Inventing the 21st-century Purchasing Organization
To get the most out of the purchasing function, top-performing companies redefine its role and ensure that its goals align with corporate strategy.
November 2007 | by Jack Kuhlman
A decade of globalization-fueled competition has opened the eyes of executives everywhere to the strategic benefits that can be achieved through the intelligent use of purchasing and supply management. These include more competitive supply chains, improved product development, and faster times to market—in addition to the significant cost advantages associated with sourcing from low-cost countries. Often, however, evolution in the way executives think about purchasing hasn’t translated into results. A dearth of talent derails the improvement efforts of many companies, while others suffer from a misalignment between purchasing and the broader company strategy or from low or misguided aspirations.
Our global survey of chief procurement officers (CPOs) suggests that the role of purchasing at many companies hasn’t evolved much beyond the function’s narrow, transactional roots as a buyer of materials, components, and services. But some purchasing and supply-management organizations are attracting the attention of CEOs by taking the function to the next level. By integrating their activities more closely with those of their internal customers, some purchasing units have gained sustainable cost reductions in nontraditional areas (marketing or health benefits, for example) where previous optimization efforts have fizzled. Others go further still, using their insights to challenge and enhance manufacturing or administration activities. Finally, some use purchasing as a springboard for innovation, leveraging a broader supply base of tangible and intangible goods to enhance product-development efforts.
While no single company we’ve studied has reached its full potential in purchasing and supply management, a look at the practices of high performers can shed light on what it will take to get there. First, top purchasers adopt a more rigorous approach to talent by simultaneously upgrading their procurement skills and exploring clever ways to connect employees across the organization in a common purpose. Second, these companies set high aspirations and establish goals that balance their vision of the future with a clear-eyed focus on how to achieve it. Finally, top purchasers place a special emphasis on aligning their sourcing efforts more closely with corporate strategic goals, making more of today’s cost-savings opportunities while positioning themselves for greater gains as globalization intensifies. These pioneering organizations are laying the foundation for a better approach to procurement—an approach that average performers shouldn’t ignore.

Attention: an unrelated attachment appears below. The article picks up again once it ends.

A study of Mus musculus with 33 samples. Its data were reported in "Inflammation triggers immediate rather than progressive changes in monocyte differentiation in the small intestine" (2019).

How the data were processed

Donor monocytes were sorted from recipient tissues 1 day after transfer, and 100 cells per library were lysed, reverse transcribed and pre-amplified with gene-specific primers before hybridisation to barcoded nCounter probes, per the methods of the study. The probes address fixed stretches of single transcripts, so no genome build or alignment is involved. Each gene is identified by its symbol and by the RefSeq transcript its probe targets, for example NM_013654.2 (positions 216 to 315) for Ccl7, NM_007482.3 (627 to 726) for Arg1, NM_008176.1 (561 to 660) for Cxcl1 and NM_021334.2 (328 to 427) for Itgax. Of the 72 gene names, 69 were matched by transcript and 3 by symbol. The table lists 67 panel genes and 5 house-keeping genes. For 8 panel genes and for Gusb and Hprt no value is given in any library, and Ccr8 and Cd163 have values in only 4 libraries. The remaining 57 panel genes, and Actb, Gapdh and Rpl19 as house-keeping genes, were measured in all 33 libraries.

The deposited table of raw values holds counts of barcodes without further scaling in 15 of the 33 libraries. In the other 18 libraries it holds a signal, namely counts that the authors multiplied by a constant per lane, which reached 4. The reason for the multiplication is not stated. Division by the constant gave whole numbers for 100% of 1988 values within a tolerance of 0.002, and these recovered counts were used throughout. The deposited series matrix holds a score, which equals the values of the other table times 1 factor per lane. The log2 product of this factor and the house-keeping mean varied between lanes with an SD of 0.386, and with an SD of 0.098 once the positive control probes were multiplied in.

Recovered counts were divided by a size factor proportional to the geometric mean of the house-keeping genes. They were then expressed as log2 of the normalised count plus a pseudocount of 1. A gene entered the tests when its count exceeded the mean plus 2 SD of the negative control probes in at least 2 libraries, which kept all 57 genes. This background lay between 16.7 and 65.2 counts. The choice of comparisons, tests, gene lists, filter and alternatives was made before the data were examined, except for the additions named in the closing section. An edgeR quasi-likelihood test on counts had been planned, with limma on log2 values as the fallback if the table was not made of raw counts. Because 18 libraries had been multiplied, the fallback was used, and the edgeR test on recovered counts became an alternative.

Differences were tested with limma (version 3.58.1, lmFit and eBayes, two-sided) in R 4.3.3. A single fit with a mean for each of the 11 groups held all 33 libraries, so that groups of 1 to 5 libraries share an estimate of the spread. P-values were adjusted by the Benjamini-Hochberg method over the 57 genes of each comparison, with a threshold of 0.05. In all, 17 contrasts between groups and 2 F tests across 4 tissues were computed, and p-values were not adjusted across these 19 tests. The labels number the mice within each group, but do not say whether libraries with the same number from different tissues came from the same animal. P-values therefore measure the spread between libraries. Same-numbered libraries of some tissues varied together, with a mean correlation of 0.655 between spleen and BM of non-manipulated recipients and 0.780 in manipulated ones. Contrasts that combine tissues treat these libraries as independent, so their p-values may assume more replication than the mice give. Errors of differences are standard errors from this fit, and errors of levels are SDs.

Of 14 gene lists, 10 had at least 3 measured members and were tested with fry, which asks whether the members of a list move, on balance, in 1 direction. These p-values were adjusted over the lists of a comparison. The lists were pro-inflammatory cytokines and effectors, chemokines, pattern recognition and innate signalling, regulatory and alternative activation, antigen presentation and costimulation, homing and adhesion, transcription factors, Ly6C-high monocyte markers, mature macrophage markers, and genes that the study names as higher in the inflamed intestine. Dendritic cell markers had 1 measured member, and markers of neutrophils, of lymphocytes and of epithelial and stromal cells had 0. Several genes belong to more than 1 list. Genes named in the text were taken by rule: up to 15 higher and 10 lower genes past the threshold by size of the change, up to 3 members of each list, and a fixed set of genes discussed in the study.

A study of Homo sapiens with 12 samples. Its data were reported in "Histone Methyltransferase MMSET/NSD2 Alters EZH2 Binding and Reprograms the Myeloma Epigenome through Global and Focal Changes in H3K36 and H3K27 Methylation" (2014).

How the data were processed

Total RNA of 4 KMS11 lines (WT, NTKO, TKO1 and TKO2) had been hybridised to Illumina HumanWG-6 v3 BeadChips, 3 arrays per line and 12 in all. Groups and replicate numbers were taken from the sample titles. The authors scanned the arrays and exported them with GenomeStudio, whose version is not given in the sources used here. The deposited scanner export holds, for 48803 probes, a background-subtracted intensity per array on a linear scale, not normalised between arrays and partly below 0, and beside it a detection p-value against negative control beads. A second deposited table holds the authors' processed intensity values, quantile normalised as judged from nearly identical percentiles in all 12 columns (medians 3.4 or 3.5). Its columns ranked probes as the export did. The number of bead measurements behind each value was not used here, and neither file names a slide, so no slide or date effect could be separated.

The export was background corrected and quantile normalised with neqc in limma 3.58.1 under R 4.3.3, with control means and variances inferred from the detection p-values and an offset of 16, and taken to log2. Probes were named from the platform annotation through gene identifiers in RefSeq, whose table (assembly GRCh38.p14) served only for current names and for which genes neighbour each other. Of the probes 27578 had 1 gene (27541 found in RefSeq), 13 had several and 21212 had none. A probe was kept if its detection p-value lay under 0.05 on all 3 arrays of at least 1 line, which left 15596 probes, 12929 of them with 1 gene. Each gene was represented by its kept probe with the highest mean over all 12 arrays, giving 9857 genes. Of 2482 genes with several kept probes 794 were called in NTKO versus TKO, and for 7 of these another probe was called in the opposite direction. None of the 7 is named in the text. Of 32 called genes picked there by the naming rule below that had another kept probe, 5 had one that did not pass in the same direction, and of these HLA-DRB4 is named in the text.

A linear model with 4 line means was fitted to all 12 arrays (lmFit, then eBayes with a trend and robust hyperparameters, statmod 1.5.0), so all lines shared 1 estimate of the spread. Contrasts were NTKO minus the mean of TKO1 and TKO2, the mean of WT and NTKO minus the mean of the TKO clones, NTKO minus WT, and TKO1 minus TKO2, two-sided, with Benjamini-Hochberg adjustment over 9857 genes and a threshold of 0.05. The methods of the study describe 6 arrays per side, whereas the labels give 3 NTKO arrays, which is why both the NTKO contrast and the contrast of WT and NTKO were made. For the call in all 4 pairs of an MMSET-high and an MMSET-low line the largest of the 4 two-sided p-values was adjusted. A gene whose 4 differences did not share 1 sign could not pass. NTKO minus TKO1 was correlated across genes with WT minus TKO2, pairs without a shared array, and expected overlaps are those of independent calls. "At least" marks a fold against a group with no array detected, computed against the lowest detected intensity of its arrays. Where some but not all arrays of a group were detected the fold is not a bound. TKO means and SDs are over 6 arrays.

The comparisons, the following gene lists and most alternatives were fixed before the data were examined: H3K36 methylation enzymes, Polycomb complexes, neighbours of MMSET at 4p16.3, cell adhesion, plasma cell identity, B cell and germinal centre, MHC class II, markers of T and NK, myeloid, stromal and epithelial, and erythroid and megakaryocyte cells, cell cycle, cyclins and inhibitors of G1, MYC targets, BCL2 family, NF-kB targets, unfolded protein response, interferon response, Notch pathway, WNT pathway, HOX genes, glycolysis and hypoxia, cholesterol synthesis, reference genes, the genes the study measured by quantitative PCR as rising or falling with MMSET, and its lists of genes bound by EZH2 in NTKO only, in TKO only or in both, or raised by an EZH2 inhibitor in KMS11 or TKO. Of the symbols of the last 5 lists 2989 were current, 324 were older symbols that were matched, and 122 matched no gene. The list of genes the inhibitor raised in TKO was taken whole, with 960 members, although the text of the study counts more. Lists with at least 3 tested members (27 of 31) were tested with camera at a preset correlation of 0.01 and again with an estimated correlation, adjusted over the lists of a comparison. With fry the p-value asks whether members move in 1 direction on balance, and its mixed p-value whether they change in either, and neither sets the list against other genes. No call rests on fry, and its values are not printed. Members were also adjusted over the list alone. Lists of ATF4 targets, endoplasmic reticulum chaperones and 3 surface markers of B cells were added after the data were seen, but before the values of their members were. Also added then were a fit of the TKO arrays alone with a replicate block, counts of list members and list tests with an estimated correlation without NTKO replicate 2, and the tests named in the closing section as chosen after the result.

Align Purchasing with Strategy
As the mobile-telecom company’s experience suggests, once high-performing sourcing groups establish a track record of value creation and become collaborative peers within an organization, they can begin to realize their broader strategic potential. This new role must be codified by the CPO and other senior managers and communicated throughout the company so that the responsibilities and decision rights of the group are understood and embraced by the business units. Of course, the details of the sourcing unit’s new responsibilities will vary with the company’s strategic aims—for instance, is the company pursuing innovation-led growth or outsourcing its manufacturing to compete with low-cost competitors? The answer to such questions will determine how purchasers identify, manage, and interact with suppliers.
Once the sourcing group’s mandate is clear, CPOs can actively engage with other senior executives in the early stages of strategic-planning activities to properly align purchasing with company strategy—and begin applying sourcing expertise in a variety of circumstances.
Finally, given a high-performing sourcing unit’s role as a bridge connecting different groups within the company, it can even support organizational change. A few companies are making major strides in creating a better approach to procurement. By emulating these practices, other companies might begin the process of transforming their purchasing organizations from mere corporate buyers into a powerful, competitive weapon, which adds value far beyond cost savings.